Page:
Tuesday, March 8, 2016

Celebrating Women Everywhere | International Women's Day

I’d wanted to do this post for a long time now. Each year, March 8 would come and go, escaping my notice. FYI, I don’t live my life knowing what day today is. I deign to burden myself with such trivial information only when I’ve got no way around it. Illustrious examples include exam schedules and birthdays of best friends who are capable of burying me alive.

But I digress. (I really should make that my tagline.)

Here is a prized list of books (off the top of my head, thank you college-life) that celebrates women and shows us exactly what they are capable of.

The Help – Kathryn Stockett

Oh hell yes. I will not oblige you by giving you a description of this book. If you haven’t even heard of this book by now - ye who hath been living under a rock, rectify that mistake pronto. And for those of you who have heard of it but couldn’t be bothered to read it:

The Secret Life of Bees – Sue Monk Kidd

A girl whose mother died when she was little runs away with their Black maid (who’s the only mother figure she’s ever known in her life) to escape her father (and the pissed-off racists), right into the arms of a sisterhood. There she is introduced to the secret world of bees, the Black Madonna and her mother. I love this book to shreds, btw. This had so much potential to turn into yet another civil-rights drama, but it is just a backdrop to flaunt the strength of women.

The Invention of Wings – Sue Monk Kidd

It really is about the inventions of wings in America before the abolition of slavery. It’s about two sisters as abolitionists and feminists and how they plunged ahead, despite the criticism they faced, even from fellow abolitionists. Bear in mind this is a loose account of the Grimke sisters, so no sceptics, these women aren’t fictional.

Code Name Verity and Rose Under Fire – Elizabeth Wein

These books are a bust for traditional tropes of delicate, fragile women. This book celebrates the power of friendship and sisterhood even under the direst of circumstances. How the love for your best friends and the love for your homeland can equip you with powers you didn’t know you could have. Fair warning – it’s a roller-coaster ride, and not for the faint-hearted.

A Thousand Splendid Suns – Khaled Hosseini

Two women. Two different generations. Married to the same man in a war-torn Afghanistan. The bonds between them morph between rivalry, mother-daughter, and sister-sister. The beautiful yet incredible thing about this book it shows just how much a woman is willing to sacrifice because of the love for her family. Again, I’m warning you to keep a huge box of tissues at the ready.

Sold – Patricia McCormick

A thirteen-year-old Nepali girl gets sold for 800 rupees by her stepfather into a prostitution ring in India. Lakshmi happily goes along with “Auntie” thinking about the tin roof she can buy her mother with the money she gets by working as a maid in “The City”. This novel traces her loss of innocence with a narration that doesn’t give a lot of morbid details but is still harrowing. McCormick’s accounts of the shady underworld of prostitution will leave you livid at the injustice of it, and in wonder of the women who do more than just survive through it. How they stay even when there’s a chance of escape because staying means their families get to eat.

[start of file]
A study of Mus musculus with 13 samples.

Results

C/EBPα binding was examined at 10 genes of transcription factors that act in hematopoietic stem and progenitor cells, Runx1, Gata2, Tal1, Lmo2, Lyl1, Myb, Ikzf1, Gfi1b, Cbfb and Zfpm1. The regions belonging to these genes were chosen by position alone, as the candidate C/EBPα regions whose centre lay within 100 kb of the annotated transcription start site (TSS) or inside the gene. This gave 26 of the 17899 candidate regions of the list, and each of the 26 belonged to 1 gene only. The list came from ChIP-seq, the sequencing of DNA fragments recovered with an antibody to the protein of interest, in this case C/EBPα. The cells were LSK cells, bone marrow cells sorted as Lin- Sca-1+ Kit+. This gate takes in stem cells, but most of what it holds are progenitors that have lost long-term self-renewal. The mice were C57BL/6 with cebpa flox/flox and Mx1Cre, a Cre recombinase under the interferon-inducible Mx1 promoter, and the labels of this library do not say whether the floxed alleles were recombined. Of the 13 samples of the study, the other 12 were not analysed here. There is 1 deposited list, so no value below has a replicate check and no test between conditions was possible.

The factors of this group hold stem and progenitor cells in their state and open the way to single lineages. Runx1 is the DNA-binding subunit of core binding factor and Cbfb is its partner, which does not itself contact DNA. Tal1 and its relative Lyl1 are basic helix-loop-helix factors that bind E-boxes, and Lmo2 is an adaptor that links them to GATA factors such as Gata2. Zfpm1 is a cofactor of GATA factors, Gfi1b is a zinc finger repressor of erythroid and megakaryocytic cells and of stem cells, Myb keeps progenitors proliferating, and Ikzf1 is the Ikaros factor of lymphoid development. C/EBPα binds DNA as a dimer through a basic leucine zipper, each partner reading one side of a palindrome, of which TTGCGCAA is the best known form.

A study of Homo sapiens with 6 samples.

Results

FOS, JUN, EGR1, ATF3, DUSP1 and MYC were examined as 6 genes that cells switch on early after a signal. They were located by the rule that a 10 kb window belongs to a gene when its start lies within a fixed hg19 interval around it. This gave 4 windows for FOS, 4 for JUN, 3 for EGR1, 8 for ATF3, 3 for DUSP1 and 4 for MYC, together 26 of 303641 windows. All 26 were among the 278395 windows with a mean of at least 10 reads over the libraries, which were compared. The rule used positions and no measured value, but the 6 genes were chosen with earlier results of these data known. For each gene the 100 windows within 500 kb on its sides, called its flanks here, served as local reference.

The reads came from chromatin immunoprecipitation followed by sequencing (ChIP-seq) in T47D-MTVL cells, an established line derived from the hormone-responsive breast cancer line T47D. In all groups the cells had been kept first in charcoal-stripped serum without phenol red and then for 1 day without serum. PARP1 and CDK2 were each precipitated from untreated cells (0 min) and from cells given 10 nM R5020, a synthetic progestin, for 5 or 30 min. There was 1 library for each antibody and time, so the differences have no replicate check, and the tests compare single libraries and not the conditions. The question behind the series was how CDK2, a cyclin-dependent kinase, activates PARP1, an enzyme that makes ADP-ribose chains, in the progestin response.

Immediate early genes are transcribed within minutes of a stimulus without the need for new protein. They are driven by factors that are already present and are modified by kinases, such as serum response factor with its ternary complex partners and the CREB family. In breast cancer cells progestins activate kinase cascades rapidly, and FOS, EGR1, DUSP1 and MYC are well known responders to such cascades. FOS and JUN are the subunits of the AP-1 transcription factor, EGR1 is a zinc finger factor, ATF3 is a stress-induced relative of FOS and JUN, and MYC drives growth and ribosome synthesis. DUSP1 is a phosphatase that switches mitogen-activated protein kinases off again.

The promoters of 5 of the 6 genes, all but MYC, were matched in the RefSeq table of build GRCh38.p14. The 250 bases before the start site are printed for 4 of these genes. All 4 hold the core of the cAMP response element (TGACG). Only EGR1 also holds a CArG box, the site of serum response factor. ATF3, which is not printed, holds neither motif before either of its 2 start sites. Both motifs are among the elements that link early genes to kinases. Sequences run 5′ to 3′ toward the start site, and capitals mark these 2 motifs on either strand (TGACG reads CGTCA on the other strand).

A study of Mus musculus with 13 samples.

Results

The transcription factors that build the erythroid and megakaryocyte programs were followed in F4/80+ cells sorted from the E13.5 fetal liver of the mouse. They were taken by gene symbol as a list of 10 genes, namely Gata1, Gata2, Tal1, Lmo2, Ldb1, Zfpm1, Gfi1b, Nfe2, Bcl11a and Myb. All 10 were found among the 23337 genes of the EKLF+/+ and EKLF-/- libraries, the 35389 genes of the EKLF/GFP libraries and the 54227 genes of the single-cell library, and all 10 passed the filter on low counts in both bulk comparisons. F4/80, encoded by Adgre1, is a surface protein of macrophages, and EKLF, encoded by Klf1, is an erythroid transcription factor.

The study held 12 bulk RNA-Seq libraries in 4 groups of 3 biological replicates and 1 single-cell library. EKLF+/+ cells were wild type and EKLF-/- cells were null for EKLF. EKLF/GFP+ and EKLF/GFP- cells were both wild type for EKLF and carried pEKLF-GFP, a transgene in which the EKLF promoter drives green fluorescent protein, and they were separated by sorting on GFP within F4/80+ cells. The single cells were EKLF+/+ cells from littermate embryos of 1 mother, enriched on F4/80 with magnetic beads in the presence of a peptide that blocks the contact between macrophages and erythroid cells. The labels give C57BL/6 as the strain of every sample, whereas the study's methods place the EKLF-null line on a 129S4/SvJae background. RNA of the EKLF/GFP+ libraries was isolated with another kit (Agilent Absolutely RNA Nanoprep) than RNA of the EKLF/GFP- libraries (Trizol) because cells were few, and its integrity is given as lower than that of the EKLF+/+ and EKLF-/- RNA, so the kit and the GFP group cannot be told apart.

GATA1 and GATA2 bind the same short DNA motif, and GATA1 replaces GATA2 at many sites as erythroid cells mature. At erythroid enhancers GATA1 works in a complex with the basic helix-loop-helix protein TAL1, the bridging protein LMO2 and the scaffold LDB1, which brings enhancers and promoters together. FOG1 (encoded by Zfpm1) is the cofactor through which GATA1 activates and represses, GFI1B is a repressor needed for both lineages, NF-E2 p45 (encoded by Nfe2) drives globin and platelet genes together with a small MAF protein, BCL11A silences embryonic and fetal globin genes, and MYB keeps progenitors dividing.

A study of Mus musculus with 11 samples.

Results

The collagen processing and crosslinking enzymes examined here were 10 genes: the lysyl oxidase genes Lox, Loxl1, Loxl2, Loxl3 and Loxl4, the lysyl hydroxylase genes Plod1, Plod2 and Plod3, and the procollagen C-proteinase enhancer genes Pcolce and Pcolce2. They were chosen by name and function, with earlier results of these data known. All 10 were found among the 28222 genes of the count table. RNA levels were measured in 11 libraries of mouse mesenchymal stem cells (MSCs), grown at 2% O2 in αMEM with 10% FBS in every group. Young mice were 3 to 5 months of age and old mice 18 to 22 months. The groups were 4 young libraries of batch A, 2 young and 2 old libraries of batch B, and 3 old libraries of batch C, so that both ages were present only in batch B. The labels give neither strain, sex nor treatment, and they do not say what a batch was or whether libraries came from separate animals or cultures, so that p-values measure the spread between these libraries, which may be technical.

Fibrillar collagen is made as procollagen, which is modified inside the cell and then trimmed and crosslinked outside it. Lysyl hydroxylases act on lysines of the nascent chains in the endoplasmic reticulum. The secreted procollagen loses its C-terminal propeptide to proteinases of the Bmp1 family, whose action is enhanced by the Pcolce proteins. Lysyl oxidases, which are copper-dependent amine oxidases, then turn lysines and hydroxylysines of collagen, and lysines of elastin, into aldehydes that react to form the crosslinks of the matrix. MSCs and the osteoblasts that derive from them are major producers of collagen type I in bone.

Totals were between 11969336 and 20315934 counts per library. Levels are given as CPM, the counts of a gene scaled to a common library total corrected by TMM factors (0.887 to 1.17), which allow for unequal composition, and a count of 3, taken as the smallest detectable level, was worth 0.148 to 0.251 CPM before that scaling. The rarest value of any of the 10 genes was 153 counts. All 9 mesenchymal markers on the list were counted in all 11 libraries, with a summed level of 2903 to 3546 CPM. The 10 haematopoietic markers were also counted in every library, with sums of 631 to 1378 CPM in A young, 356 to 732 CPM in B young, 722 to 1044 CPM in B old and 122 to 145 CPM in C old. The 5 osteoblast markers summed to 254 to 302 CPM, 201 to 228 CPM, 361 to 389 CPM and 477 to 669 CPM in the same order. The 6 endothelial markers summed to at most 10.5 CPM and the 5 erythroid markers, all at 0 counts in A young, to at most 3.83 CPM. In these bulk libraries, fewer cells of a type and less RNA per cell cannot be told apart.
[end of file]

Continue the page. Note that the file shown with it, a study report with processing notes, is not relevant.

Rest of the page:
You have to fool yourself into believing that the things described in this book don't really happen to finish reading it.

The Color Purple – Alice Walker

A book that has survived the wrath of many narrow-minded people; a book that celebrates femininity in all its glory. A book that doesn’t shy away from saying the things that have to be said.

Out of the Easy – Ruta Sepetys

Screw it. I just tried to write a three-line-pitch without making it sound synoptic. What do I love about this book? A whole brothel full of prostitutes showering love on a seventeen-year-old girl in search for some answers. I have never seen so many women of so many different shapes and personalities. But they all equal in their capacity to love.

Saving Francesca – Melina Marchetta

At first glance, this book may not seem like a prime candidate for a seating on this list. It’s about a gang of badass girls in a boys’ school and how gradually they run the place.

God, I love this book.

The Seven Realms – Cinda Williams Chima 

A fantasy world run by a matriarchal government. Plotsy, shippity, and all things addictively nice. Need I say more?

one Girl – Gillian Flynn

I am including this book in the list because the list lacked some good female psychopaths. Who ever said girls were sugar and spice and all things nice? Heads up, female psychopaths are just as bad as their male counterparts. You get on their bitch-side, heaven help you.

A Song of Ice and Fire – George R R Martin

Daenerys. Arya. Cat. Sansa. Cersei. Don’t tell me your knees won’t give in front of these women who are capable of kicking your ass.